No matter which platform — or generation — you decide to play Assassin's Creed IV: Black Flag on, you'll be playing a beautiful game. (It launched at the end of October on the Xbox 360 and PS3, and will be coming to both the PS4 and Xbox One when they're available later this month). The series' shift to the Caribbean has allowed the artists and designers at Ubisoft Montreal to craft an experience that's much different than past games in the series, both in terms of how it plays and how it looks. The big, wide open seas are dotted with islands and cities to explore, from Havana to Kingston. To add a layer of authenticity, the art team travelled to Costa Rica, the Dominican Republic, and other tropical locales, to check out the jungles and cities that would be featured in the game.
"We took many pictures and recorded sounds to have the most documented base to work with," says art director Raphael Lacoste. "Later, a team of illustrators including myself studied the references and also traditional paintings to bring a more artistic and stylized vision of the Caribbean. We don’t want to do a documentary, but more a stylized and memorable version of this beautiful location."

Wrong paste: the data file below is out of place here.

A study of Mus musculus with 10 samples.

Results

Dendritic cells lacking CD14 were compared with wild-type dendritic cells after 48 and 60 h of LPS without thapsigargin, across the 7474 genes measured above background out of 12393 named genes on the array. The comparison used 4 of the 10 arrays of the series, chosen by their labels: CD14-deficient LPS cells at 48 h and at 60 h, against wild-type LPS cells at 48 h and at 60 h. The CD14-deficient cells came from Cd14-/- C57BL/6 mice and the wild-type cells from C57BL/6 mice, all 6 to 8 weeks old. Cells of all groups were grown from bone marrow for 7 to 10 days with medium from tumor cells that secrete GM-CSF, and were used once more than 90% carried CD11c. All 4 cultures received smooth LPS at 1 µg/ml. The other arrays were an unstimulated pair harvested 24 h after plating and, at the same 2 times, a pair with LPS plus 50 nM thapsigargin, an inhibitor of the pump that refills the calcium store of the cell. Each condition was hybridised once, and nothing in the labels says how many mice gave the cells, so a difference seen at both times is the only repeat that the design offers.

The result is a game that maintains the look and feel the Assassin's Creed series is known for, while taking it to a very different location. If you're interested in checking out the art behind the world of ACIV, we've included a selection of concept art below — you can check out even more in The Art of Assassin’s Creed IV: Black Flag from Titan Books.
- Artist Donglu Yu describes this piece as a "seascape piece depicting colorful sky and an impressive ship on the deep sea."
- A vision of Havana by Martin Deschambault. “I did this concept to find a way to dress the plaza in front of the Cathedral, even if it’s not like this in reality," he explains.
- “This is one of the inspirational concepts I did for Sofia studio, who was in charge of the Mayan temple environments," says Deschambault.
- "The intention was to give a singular, organic shape to the island topography while playing with protruding rocks and cavities, along with abundant vegetation," says artist Maxime Desmettre.
- “Chaotic sea battles — always fun to do," says Deschambault.
- An underground structure that didn't make it into the final game. "The towering structure was originally designed to mix up lots of inside and outside challenges," says artist Eddie Bennun.
- "For the Principe village I took some African villages as references; organic wood fence, red fabric, and some outside stoves," says Deschambault.
- An early concept of the Havana market by Donglu Yu.